For us, against them — no
During the most recent election (and the others to which I’ve been privy as editor of this paper in the last two years) folks have had the habit of getting on one of two radio stations and letting the other side have it.
Don’t misunderstand. All parties have a right to say what they want to say. That’s not the point in this. Most of the days, both stations are entertaining.
That is, unless you take either one too seriously; then the talk on the radio stations become annoying.
Here in Selma, a couple of groups have developed this “if you are with me, then you support me all the way; you are like a robot and must speak what I want to hear. If I hear differently, then I will cut you off as comrade and friend.”
Nobody around here can keep up with the alliances drawn and dropped. Chiefly, the two groups boil down to a black one and a white one.
At times, both groups make sense. They might be wrongheaded in some views, but their arguments are sustainable.
On the other hand, when these two groups draw the line in the sand, the individuals come off half cocked, braying like a donkey in the middle of a fireworks exhibition.
Johnnie Leashore and the Bishop Fortier on 105 are particularly guilty of the drawing the circle around the wagons. They are quick to castigate good men and women for not being part of an omnibus movement in Selma to run politics the way they want.
Thus, if you are black and you oppose them, then you are a puppet of some nefarious white voting bloc that will take you and use you up.
This sounds a little bit like what Neil McMillen, a former college professor and author of “Dark Journey: Black Mississippians in the Age of Jim Crow,” used to call this the myth of the omnibus civil rights movement.
Indeed, historians have proven the professor correct. Most people wanted the same thing: They wanted freedom for all — to sit down and eat in a diner; to go in the front door of a physician’s office; to walk down the street and look another person in the eye; or to even walk down the sidewalk when a white person came down that sidewalk; to vote; to associate with whom they chose; to have a good quality education.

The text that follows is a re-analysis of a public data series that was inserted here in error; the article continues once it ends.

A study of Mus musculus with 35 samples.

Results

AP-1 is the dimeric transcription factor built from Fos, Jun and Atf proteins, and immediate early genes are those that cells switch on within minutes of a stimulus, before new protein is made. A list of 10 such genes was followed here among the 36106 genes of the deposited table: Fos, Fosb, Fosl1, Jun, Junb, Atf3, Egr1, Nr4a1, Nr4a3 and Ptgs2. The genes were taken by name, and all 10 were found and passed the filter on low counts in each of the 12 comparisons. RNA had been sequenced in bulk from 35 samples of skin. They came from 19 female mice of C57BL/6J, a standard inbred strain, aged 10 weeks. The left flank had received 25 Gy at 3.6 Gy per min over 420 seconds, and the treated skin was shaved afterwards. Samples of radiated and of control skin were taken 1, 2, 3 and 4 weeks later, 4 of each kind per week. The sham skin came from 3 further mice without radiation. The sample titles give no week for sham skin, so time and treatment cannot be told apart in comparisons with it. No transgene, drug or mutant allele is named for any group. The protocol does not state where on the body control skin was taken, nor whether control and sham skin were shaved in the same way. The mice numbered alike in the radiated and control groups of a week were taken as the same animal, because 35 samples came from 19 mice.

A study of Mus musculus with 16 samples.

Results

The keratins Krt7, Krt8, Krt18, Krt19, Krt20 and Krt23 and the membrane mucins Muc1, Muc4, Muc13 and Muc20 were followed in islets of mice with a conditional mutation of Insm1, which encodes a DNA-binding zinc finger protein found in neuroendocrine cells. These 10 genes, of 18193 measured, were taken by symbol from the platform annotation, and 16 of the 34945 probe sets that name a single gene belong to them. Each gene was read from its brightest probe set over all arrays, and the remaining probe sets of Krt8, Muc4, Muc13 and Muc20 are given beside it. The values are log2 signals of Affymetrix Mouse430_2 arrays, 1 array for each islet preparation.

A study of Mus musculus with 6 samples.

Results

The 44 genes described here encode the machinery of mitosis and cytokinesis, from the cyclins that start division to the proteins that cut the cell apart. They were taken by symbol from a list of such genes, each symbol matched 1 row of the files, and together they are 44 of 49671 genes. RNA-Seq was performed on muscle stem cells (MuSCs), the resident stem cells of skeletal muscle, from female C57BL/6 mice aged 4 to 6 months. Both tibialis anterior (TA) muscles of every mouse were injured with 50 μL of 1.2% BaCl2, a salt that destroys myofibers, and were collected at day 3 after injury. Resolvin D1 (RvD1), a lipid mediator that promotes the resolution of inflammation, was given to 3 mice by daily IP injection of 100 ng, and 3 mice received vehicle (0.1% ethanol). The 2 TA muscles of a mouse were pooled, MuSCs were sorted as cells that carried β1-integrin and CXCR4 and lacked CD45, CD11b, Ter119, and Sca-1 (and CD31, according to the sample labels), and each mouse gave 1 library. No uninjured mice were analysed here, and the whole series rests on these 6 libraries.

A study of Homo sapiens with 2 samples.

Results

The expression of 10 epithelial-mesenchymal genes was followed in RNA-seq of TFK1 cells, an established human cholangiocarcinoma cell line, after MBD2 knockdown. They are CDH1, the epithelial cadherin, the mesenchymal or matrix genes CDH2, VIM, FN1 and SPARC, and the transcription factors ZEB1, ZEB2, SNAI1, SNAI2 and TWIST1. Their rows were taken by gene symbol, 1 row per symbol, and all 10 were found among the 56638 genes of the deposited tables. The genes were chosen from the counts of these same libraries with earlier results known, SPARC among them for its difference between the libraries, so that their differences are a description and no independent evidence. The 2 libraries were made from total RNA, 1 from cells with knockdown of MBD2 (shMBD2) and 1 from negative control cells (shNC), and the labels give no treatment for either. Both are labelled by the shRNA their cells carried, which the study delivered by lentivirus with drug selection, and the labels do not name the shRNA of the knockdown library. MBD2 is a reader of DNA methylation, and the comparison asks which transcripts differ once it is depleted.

But different groups went about fighting for freedom in various ways. Dr. Martin Luther King’s vision as leader of the Southern Christian Leadership Conference was not that of Stokley Carmichael and the Student Nonviolent Coordinating Committed and certainly not that of Bobby Seale and Huey P. Newton’s Black Panther Party.
Whites had their differences as well and did not present a front to manipulate or control politics. Many good white people lost their lives, their homes and their jobs because they stood shoulder-to-shoulder with blacks in the movement. This was evident in Philadelphia, Miss. when two white kids from New York, Michael Schwerner and Andrew Goodman, shared a makeshift grave in Olen Burrage’s dam for 42 days with a black Mississippi native, James Chaney.
Another group, the moderates, including some of the leaders of Philadelphia, shuttered their doors and kept their mouths closed, hoping the firestorm would go away. Still others like Preacher Killen, an unrepentant Klansman who helped kill the Philadelphia three, thought violence would preserve a way of life.
We are not all one people. Building community can’t be achieved by bullying people.
It’s so disappointing to see human beings move from standing on street corners with shotguns or standing on roofs of homes (like the Deacons for Defense) to protect their homes, to grabbing microphones and hurling words like bombs lighted with half truths and threats on both sides.
Leesha Faulkner is editor of The Selma Times-Journal. She may be reached at 410-1730 or e-mail her at firstname.lastname@example.org.